I didn't have high hopes for Baingan Restaurant as, at the end of the day, most Indian restaurants stick to a tight script and don't try to innovate with the cuisine. Baingan is no different from the rest in this regard.
I started out with the "baby corn pepper" Indo-Chinese appetizer ($8). This was an expensive appetizer in absolute terms, as well as in relative terms when you consider the small portion size. The dish consisted of pieces of baby corn stir-fried with tomato, onion and other spices. While the dish tasted fine, I think the sauce was too thick, akin to a pasta sauce more than a light seasoning. I would suggest Baingan to batter-fry the baby corn (like pakora) and toss them in a wok with diced onions, pepper and salt. That would be tastier and more crave-inducing. And lower the price.
Next I had the aloo gobi ($12) and a mattar mushroom ($12). Both dishes were too oily, though I appreciated that the kitchen didn't overcook the vegetables, which is what normally happens in North Indian restaurants---you get a mush of indistinguishable vegetables in a tomato-ginger-garlic sauce. That's the base for pretty much 80% of North Indian dishes.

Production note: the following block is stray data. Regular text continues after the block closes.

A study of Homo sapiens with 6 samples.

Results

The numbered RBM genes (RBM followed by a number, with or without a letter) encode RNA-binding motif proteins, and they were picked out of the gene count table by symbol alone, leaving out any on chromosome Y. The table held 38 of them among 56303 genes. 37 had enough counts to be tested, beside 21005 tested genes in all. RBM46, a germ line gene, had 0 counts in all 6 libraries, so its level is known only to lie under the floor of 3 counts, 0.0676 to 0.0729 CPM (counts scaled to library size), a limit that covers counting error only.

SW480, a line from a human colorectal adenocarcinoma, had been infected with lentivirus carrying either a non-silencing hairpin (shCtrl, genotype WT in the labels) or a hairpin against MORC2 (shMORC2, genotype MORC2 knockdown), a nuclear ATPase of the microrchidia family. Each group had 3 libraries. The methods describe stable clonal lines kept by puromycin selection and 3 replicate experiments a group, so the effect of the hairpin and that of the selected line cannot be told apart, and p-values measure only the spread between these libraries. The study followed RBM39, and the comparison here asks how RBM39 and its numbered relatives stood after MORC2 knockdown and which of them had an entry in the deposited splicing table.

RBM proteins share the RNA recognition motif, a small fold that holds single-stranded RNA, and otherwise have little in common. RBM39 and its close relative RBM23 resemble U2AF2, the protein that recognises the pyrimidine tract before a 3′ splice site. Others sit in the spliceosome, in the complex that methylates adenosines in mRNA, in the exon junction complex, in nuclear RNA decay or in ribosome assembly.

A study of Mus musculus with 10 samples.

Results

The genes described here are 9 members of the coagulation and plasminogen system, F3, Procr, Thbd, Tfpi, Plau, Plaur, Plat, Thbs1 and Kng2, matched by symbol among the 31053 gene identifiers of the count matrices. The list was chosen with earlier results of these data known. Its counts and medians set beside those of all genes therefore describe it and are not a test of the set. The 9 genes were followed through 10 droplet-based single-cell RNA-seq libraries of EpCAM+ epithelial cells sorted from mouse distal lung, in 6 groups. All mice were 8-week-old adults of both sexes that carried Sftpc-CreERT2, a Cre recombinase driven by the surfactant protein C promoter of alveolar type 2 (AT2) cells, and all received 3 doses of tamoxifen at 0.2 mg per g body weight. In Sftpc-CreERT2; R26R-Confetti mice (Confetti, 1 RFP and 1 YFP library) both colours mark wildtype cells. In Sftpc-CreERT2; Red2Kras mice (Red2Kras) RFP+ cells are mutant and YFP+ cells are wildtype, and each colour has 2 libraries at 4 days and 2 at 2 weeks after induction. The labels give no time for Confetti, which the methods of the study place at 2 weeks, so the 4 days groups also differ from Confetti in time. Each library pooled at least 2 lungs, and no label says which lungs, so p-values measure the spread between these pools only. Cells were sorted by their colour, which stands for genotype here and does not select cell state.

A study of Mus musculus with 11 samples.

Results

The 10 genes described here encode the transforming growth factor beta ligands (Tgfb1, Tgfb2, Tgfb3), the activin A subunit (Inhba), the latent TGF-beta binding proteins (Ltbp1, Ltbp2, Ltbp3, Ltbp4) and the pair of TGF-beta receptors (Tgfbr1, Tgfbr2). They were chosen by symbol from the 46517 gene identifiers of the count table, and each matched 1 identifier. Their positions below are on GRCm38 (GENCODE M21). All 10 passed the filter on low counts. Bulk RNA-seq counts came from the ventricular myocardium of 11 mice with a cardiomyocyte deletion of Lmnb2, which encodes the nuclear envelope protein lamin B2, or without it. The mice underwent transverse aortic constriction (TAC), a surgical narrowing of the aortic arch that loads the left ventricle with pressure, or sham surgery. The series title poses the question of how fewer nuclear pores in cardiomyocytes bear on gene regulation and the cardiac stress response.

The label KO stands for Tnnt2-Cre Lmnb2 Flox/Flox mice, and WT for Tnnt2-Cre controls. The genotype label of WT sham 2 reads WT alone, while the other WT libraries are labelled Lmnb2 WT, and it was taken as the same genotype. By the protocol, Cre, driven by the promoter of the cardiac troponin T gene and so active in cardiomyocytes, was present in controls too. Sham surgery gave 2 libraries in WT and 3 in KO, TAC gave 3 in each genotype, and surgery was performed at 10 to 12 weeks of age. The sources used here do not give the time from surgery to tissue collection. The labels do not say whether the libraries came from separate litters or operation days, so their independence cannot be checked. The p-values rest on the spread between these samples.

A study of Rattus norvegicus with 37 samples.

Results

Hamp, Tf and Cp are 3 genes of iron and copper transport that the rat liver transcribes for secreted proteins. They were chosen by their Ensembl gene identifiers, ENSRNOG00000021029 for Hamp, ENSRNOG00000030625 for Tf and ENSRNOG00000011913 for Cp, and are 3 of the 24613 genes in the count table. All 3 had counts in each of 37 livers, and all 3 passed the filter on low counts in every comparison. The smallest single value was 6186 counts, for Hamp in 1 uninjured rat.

Aside from being too oily, both dishes also seemed to be missing something---at least a spice or two. The food just didn't do it for me, but it wasn't inedible by any means. The sauces on both dishes tasted identical, which is also a bad sign.
I ate the dishes with an order of tandoori roti ($3) as I wanted something made of whole grains, and Baingan, like 99.9% of Indian restaurants, does not offer brown rice.
The service was friendly. No complaints in that department. The ambiance is nice in the back room (which feels like someone's recently renovated lodge), but a little bleak in the front part (vinyl booths and industrial carpeting).
Tips for improvement: add brown rice; add some unusual dishes (maybe something with tofu, seitan or tempeh?); add vegan desserts (ever heard of soy milk?); cut back on the oil.
Lastly, Baingan is located pretty far off the main drag in Shelton, which makes it hard to find. You're in the right place if you're on a two-lane road with a bunch of houses on either side.